Veterans Way in Okotoks. Courtesy of the Town of Okotoks

Enthusiastic conversations around potential cycling pathways connecting Okotoks and Airdrie to Calgary could open up a whole new way to explore the region. As e-bike access and popularity grows, commuting between the municipalities on two wheels is becoming a practical option for many cyclists.

“We’ve made great progress,” said Okotoks deputy mayor Matt Rockley. “We’ve got regional transit and local on-demand transit. The emergence of e-bikes is just the beginning.”

Thanks to these developments, Rockley sold his truck. “You can go from Okotoks to Silverado in south Calgary in 35 minutes on an e-bike,” he said, adding the experience is more enjoyable than fighting traffic in a vehicle.

The lack of safety measures for cyclists sharing space with vehicles on the congested QE2 was a major factor in the push for new options. In Airdrie, a cyclist who regularly risks the ride sparked the recent pathway discussions.

“(Airdrie) Council received correspondence from a Calgary resident who often commuted to Airdrie by bicycle,” said Airdrie parks development co-ordinator, Jessica Sleeman. “He was requesting support through Airdrie for the development of a pathway from north Calgary, through Rocky View County, to south Airdrie.”

The conversation is currently at concept level. “Airdrie is attempting to see if other municipalities would be interested in participating in something like this,” said Sleeman.

For Rockley, the conversation started with his election to Okotoks Town Council in 2010. “There’s always been a good focus on pathways extending from the river valley through other parts of town,” he said. “As time went on, active transportation topics grew.”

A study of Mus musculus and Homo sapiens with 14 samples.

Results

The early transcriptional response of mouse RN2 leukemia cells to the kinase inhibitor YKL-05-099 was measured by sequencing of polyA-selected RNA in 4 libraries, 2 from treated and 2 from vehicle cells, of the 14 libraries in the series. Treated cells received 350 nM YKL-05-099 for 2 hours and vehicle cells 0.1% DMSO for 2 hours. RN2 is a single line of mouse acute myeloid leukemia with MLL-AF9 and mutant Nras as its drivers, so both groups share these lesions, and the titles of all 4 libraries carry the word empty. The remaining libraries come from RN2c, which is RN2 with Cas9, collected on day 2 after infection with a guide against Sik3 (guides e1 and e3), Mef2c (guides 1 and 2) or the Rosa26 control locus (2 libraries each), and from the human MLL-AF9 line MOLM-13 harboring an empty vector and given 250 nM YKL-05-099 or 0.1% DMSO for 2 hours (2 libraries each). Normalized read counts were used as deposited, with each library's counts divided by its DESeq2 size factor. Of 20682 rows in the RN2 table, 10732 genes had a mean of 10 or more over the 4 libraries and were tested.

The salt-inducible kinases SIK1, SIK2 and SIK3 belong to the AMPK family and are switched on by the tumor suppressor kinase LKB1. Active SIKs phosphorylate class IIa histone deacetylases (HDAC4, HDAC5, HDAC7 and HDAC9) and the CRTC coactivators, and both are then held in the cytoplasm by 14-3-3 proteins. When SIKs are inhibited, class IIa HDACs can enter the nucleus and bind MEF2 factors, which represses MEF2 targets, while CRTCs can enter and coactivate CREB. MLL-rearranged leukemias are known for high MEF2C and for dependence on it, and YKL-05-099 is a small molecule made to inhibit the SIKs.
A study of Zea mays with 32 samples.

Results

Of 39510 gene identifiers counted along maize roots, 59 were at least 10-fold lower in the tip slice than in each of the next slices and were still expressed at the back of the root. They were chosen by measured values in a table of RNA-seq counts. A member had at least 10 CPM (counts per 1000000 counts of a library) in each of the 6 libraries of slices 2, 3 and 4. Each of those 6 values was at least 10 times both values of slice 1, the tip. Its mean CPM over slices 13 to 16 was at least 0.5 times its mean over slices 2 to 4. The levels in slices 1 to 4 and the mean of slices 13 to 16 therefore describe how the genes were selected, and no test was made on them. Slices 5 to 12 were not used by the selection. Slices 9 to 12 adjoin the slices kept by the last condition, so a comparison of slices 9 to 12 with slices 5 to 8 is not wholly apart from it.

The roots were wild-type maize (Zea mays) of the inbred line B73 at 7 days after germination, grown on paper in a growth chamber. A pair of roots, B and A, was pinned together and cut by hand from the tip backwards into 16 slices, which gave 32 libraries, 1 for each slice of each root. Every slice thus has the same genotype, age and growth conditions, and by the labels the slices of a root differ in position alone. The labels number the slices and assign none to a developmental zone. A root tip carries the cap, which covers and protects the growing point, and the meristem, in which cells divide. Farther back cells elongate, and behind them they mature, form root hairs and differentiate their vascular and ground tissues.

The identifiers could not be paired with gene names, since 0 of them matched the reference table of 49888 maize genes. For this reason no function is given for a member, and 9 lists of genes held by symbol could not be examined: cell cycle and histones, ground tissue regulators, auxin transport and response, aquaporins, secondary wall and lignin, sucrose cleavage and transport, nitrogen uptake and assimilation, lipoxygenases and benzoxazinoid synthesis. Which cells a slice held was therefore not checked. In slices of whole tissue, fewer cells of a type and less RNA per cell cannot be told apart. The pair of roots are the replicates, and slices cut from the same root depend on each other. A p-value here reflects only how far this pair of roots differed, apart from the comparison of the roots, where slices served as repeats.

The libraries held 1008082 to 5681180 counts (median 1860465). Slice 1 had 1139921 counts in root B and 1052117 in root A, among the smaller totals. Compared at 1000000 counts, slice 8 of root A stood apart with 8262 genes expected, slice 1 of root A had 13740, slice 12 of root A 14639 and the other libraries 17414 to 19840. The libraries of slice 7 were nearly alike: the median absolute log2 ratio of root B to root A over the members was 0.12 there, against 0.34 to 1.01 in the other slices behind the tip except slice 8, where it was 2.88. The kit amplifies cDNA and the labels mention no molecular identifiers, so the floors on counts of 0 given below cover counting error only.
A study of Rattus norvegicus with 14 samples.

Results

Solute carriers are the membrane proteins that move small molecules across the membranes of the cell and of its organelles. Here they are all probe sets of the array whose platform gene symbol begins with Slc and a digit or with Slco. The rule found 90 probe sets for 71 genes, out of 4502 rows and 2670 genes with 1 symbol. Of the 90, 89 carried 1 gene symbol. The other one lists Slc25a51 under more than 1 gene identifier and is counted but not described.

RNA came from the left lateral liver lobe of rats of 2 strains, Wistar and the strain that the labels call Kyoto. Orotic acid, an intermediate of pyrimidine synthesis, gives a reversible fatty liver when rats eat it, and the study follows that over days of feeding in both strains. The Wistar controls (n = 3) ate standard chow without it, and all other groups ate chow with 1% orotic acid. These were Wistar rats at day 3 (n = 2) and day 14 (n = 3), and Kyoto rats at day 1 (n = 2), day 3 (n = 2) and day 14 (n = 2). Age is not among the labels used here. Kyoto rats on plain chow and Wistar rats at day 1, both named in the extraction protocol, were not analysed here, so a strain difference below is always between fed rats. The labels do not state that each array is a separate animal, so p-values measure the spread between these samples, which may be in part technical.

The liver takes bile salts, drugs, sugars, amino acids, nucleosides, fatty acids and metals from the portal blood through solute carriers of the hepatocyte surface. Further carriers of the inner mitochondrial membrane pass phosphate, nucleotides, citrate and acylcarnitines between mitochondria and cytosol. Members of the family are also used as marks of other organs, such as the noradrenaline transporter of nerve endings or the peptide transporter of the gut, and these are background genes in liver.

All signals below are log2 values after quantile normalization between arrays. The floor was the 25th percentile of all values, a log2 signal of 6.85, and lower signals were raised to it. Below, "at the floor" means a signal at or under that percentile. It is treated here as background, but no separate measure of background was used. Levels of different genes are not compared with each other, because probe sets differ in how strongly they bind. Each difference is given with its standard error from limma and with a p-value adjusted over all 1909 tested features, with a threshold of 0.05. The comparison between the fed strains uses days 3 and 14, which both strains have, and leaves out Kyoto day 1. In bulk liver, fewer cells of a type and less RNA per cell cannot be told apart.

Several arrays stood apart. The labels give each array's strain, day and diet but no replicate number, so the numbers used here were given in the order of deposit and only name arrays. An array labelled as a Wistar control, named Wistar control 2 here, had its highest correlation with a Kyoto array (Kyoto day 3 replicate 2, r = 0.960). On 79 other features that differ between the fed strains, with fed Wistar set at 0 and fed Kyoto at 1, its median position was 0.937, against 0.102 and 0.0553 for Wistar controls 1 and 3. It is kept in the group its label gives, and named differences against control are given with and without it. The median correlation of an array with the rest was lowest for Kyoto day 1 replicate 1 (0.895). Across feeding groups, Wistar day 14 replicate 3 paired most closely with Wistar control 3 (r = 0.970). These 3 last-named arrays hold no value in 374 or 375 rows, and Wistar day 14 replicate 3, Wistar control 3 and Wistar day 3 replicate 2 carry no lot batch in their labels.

“Once we have this path built from Calgary to Okotoks, it’s easy to continue on to Black Diamond and Turner Valley with a loop through the towns and Calgary. Imagine day trips, local travel, exploring your neighbourhood.” – Matt Rockley, Okotoks Deputy Mayor

A taskforce was created and given a three-year mandate to work to understand pathway use and potential, creating the Active Transportation Strategy.

“We were shocked by the amount of pathway use here in Okotoks,” said Rockley. “Paths perceived as barely in use were seeing hundreds of trips per day with popular routes used by hundreds and hundreds of people every day.”

The first improvement under the new strategy was the conversion of Centre Street into Veteran’s Way. Rockley described the original path as “a tiny little three-feet-wide sidewalk down a huge hill with a (guard-railed) retaining wall dropping down one side and a guardrail between traffic on the other side – a terrible experience.”

The new pathway, which commemorates local veterans, has widened sidewalks on both roadsides and wider, accessible pedestrian bridges.

The need for intermunicipal pathways to connect towns, cities, and regional facilities was also identified and that policy direction was added to Okotoks’ Municipal Development Plan this year.

Barriers to the pathway extension could include distance and cost, including how many users will need to benefit to justify that cost, says Rockley.

Sleeman adds land, routing, underground utilities, future construction plans and land ownership to the list of considerations. Still, she sees potential connection to the Trans-Canada Trail system with economic and tourism benefits for Airdrie.

Rockley agrees. “Once we have this path built from Calgary to Okotoks, it’s easy to continue on to Black Diamond and Turner Valley with a loop through the towns and Calgary,” he said. “Imagine day trips, local travel, exploring your neighbourhood.”

The potential for intermunicipal pathways is scheduled for discussion at the next Calgary Metropolitan Region Board meeting in June. In the meantime, support is encouraged.

“Write a letter of support,” said Rockley. “Let your positive opinion and support be known to all the local town and city councils involved in these decisions.”

The project could also be a boon for real estate developers, which often fund these types of accessibility projects, and Rockley says he sees potential in corporate-sponsored adoption of pathway segments.